How You Can Involve Your Family with Philanthropy

With so many people needing so much help right now, you have a unique opportunity to teach younger family members the value of giving back. Seeing your values in action can teach children generosity in their personal and financial goals as they approach adulthood.

Here are three ways to make giving an activity that will bring your family closer together while making a real impact on the world.  

 1. Volunteer together.

Resources are getting stretched thin at charitable groups around the country right now. But perhaps the most in-demand resource is volunteers. Social distancing recommendations have made it very difficult for some organizations to open their doors. Many would-be volunteers are reluctant to step outside their household bubbles.

However, moving some critical operations online has created new kinds of virtual volunteering opportunities as well. If your family is still spending most its time at home, you could all take a turn at the computer donating your unique talents. Mom and dad could volunteer as reading tutors or help with basic remote administrative tasks. Your daughter's photo editing skills could come in handy with a graphic design project. Your son might have an innovative idea for spreading the word about an important campaign on social media.

Whether in-person or online, volunteering together can be a powerful family bonding experience. It can also help reinforce giving back as a family value that children will want to carry on. 

 2. Design a family donation strategy.

For children who are still getting an allowance, you can separate the dollars into three jars: Save, Spend Give. Allow your kids to have a voice in what causes they donate to. You could also use this discussion as an opportunity to share some family history. Explain to your children what your own parents and grandparents taught you about giving. Tell stories that inspired you and your spouse to start giving and explain why you've chosen particular causes or organizations. Ask your children or grandchildren what causes are important to them and discuss including those causes in your charitable budget.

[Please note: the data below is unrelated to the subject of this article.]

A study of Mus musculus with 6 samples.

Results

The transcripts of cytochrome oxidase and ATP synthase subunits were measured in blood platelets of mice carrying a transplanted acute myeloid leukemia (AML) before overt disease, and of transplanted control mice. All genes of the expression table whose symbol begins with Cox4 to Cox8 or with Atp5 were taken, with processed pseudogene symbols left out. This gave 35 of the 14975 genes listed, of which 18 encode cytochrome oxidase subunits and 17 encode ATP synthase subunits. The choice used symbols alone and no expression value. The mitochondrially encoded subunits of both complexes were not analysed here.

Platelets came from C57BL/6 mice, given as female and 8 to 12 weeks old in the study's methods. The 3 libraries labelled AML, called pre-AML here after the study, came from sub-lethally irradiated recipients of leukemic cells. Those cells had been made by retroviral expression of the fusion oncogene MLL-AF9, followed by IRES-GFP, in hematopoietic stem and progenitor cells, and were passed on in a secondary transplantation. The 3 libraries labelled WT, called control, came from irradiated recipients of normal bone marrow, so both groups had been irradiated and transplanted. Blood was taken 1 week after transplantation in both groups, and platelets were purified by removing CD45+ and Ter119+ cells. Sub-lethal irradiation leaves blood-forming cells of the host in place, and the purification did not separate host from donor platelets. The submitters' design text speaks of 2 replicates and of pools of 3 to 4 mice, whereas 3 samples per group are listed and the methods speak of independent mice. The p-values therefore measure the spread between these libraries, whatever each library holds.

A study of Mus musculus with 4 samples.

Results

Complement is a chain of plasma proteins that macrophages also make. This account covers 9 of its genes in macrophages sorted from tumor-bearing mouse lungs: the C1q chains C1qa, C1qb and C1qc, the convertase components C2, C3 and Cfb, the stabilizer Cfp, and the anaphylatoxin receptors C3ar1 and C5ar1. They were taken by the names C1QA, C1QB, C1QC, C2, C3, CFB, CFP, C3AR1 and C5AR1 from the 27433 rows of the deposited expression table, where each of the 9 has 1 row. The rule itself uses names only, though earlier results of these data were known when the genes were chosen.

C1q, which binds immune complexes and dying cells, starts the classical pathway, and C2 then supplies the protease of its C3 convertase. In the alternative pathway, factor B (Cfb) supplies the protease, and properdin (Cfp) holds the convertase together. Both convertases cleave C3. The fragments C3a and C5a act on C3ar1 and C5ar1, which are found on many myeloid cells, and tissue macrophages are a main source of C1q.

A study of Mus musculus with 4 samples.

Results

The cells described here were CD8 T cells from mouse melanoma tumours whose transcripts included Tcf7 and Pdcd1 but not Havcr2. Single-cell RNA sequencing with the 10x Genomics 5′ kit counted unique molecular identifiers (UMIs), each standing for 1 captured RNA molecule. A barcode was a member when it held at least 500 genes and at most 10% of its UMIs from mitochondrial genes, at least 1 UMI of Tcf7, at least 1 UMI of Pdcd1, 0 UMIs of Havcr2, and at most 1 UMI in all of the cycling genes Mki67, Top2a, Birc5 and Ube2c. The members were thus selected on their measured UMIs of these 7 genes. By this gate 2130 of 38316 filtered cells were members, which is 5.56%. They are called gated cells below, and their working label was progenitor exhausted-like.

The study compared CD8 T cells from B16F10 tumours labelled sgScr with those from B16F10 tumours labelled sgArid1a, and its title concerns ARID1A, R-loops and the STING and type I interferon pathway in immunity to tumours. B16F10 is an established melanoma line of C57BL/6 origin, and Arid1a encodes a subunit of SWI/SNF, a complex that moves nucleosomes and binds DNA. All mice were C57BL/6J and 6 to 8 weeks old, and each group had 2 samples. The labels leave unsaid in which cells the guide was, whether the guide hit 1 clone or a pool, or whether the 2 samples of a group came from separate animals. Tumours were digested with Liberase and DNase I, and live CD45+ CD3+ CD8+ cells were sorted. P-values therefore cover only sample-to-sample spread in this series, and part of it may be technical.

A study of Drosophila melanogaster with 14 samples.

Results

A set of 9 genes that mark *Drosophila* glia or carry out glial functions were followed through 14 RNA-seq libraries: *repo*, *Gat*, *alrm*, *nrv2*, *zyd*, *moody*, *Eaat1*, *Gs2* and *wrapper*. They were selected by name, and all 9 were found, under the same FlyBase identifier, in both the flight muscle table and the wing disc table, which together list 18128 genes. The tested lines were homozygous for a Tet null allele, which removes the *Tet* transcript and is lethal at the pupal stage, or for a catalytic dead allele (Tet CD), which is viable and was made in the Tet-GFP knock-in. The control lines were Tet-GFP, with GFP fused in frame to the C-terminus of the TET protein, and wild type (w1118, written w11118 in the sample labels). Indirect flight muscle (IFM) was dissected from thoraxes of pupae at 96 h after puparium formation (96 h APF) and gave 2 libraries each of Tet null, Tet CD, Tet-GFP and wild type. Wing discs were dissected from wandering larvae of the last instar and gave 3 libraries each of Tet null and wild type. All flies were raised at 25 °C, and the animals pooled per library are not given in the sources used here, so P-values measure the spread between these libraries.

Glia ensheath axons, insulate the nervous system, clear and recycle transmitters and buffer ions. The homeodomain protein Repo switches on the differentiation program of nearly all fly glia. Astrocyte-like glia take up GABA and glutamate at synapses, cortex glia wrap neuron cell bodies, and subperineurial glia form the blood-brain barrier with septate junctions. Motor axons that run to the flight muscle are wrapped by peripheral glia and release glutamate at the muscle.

As children get older, you can include them in the research behind charitable giving. Charity Navigator is a great tool for comparing charities, and helps you to understand the level of impact every dollar makes. It can be shocking to see how much of a donation is actually used for good. Children who are old enough for social media are bombarded with crowdfunding campaigns and well-produced pleas for help. If they have their own bank or credit accounts, it's all too easy for them to click SEND. Remind your kids that larger, established organizations have pipelines and oversight that ensure their money reaches people who truly need it. 

My husband and I have a monthly "spending" spreadsheet (I know, I know, we're nerds). In it, we list everything we spend on "fun stuff" and on charity. This spreadsheet does two things for me:

  • It makes sure that my dollars match up with my priorities. In most months, I try to spend about the same amount on charities as on fun - a 50/50 split. During times of crisis (which we've had a lot of in 2020!), my charity spending tends to take over the budget. And during the holiday season, it helps me to rein in my gifting budget to see when I'm spending way too much on presents.
  • It helps me practice gratitude. Every week, I go back and list out all of my fun purchases and all of my donations (although most of those are on automatic pilot). I get to remember all of the great stuff that happened that week and evaluate it against the dollar cost - hey, that family walk to Rite Aid for $2 ice cream cones was much more fun than eating a $60 restaurant dinner! And by putting my charitable donations on the same sheet, I remind myself that I should be grateful for even the most basic parts of life - having clean water, quality public education, and food in our bellies. Oh, and Wikipedia, too.

Keeping your family budget together can help strengthen your family values at the same time: Live together, give together!

 3. Start your family foundation.

Some couples establish charitable trusts or sustained giving through their estate plans. But if you have long-term philanthropic goals, why wait?

Family foundations, trusts, and nonprofit organizations come in all shapes and sizes. An annual golf tournament or food drive could grow into a meaningful event that draws big community involvement. If you want to establish a larger foundation, you could include smaller discretionary or donor-advised funds that your heirs can use to spearhead their own initiatives under the family banner.

Whether your family decides to give back through volunteering, philanthropy, or some combination, your charitable plans will affect your financial plan as well. Careful budgeting of your time and your assets could impact when you decide to retire and the things you want to accomplish once you do.

How do you give back as a family? What are your main charitable goals?